Location-dependent and Context-Aware Computing

Location-dependent and Context-Aware Computing

Stan Kurkovsky (Central Connecticut State University, USA)
Copyright: © 2011 |Pages: 9
DOI: 10.4018/978-1-60566-250-3.ch015

Systems with context-aware features are typically able to adapt their behavior to the changes of the environment surrounding the system and/or its users without any explicit intervention of the user. Therefore, context-aware systems tend to increase the usability and effectiveness by taking into account the context of their environment. Location-based and context-aware systems are typically associated with mobile devices; they react to reflect their current physical location, time, other surrounding systems, their user(s), as well as other features of their environment, and adapt their operation to the changes of the environment. This information about the many aspects of the system‘s environment is referred to as context, which can be obtained from a variety of sources, such as RFID and other sensors, wireless network information, physical device status, maintaining information about the user(s) and many other sources.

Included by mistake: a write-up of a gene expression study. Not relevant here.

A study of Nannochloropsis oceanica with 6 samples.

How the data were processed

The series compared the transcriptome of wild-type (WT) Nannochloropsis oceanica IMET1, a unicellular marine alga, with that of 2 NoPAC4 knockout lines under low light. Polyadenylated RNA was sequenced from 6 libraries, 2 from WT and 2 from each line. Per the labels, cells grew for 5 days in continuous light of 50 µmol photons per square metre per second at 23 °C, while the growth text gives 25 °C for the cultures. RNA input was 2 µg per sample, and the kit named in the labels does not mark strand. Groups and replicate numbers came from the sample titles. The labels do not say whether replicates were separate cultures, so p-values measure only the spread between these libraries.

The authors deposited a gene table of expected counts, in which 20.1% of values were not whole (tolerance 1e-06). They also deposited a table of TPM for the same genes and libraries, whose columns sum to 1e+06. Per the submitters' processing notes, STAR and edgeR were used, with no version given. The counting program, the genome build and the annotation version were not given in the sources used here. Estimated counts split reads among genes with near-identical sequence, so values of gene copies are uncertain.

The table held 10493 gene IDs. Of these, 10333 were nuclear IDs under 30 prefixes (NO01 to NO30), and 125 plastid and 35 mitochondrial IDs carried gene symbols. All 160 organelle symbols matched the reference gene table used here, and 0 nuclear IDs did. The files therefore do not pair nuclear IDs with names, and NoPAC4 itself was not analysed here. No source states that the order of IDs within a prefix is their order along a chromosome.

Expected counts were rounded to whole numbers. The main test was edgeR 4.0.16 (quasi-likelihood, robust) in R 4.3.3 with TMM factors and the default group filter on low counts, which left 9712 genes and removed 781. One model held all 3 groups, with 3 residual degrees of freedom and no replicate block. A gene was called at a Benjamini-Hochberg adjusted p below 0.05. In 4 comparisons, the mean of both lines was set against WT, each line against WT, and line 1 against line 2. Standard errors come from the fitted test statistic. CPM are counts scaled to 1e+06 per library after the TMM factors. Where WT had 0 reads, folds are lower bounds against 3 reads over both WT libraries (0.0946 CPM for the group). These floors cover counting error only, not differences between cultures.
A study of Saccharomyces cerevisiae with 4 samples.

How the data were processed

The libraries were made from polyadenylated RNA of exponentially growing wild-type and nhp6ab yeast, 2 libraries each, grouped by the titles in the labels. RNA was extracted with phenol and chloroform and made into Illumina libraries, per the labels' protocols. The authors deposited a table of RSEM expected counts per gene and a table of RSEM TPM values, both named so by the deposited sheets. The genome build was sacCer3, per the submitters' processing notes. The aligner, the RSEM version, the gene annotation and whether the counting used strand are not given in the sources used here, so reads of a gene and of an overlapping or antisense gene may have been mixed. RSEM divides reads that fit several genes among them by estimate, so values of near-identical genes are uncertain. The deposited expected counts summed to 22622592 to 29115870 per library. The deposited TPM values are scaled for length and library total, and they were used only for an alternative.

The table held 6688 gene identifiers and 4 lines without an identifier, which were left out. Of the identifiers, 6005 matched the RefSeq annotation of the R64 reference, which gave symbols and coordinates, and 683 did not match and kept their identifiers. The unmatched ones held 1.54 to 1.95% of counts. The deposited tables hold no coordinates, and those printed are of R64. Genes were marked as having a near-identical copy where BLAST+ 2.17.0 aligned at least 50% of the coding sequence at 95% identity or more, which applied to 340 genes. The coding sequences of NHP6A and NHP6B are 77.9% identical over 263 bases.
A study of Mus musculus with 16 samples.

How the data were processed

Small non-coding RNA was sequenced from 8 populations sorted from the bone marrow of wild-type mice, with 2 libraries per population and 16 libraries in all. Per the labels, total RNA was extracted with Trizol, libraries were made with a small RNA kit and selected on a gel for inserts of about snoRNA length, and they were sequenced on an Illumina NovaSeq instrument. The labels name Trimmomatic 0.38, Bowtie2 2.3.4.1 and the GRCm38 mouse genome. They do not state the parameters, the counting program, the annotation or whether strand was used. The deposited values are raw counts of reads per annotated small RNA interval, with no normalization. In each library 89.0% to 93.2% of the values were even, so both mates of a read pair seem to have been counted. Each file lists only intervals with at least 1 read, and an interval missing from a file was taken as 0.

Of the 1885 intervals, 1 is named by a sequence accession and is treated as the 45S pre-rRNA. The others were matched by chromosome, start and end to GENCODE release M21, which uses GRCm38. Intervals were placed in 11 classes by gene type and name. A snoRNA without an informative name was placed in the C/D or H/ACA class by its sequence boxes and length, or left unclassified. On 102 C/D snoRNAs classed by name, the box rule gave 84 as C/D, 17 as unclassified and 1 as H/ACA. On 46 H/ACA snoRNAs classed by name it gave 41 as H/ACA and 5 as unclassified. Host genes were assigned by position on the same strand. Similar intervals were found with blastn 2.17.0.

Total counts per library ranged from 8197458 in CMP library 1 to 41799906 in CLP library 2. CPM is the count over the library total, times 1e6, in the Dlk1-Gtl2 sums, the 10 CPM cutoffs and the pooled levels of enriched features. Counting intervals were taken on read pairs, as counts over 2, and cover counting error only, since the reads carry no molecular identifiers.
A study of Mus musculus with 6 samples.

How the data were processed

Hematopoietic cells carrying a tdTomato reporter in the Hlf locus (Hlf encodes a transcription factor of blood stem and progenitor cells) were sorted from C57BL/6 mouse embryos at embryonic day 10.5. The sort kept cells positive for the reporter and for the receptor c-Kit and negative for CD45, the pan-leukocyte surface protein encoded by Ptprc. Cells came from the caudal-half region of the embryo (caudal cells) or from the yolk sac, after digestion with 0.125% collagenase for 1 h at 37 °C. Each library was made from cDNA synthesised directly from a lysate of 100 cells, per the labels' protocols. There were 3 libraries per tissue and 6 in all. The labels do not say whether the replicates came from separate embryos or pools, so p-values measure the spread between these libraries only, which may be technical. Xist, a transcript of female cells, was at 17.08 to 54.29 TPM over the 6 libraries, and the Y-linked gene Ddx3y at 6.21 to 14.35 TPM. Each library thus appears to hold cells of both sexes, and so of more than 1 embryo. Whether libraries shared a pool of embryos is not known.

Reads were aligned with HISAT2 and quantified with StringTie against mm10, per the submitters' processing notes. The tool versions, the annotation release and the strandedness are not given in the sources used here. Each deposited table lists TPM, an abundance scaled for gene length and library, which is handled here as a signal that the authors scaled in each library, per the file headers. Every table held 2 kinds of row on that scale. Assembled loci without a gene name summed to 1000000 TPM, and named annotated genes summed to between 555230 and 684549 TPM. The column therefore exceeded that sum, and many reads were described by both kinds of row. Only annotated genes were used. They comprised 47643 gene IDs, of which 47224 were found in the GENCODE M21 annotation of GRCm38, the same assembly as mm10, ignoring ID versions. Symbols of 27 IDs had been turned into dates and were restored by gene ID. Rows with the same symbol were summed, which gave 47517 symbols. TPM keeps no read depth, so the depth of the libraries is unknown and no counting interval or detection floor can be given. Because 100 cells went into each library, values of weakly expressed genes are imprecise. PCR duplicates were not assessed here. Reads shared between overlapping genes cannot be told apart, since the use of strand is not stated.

Active Badge Location System is considered to be one of the earliest context-aware systems (Want et al, 1992). In this system, the user’s current location was determined by a series of infrared sensors and small wearable badges; the information about the user’s location enabled the system to forward telephone calls to the telephone closest to a particular user. In the following years, a number of other systems leveraging location context information were described in the literature, including systems receiving location information from the global positioning system (GPS) and from the communication infrastructure, e.g. Global System for Mobile communications (GSM) in cellular networks or WiFi access point connectivity in local area networks. In particular, location context was widely used to implement a number of context-aware tour guide applications (Abowd et al, 1997, Cheverst et al 200, Brown 1996, Kreller et al 1998, Fels 1998). Leonhard et al (1996) described a generic framework supporting location awareness based on a formally defined model of location; Indulska and Sutton (2003) and Becker and Durr (2005) provide comprehensive surveys of location management in context-aware systems.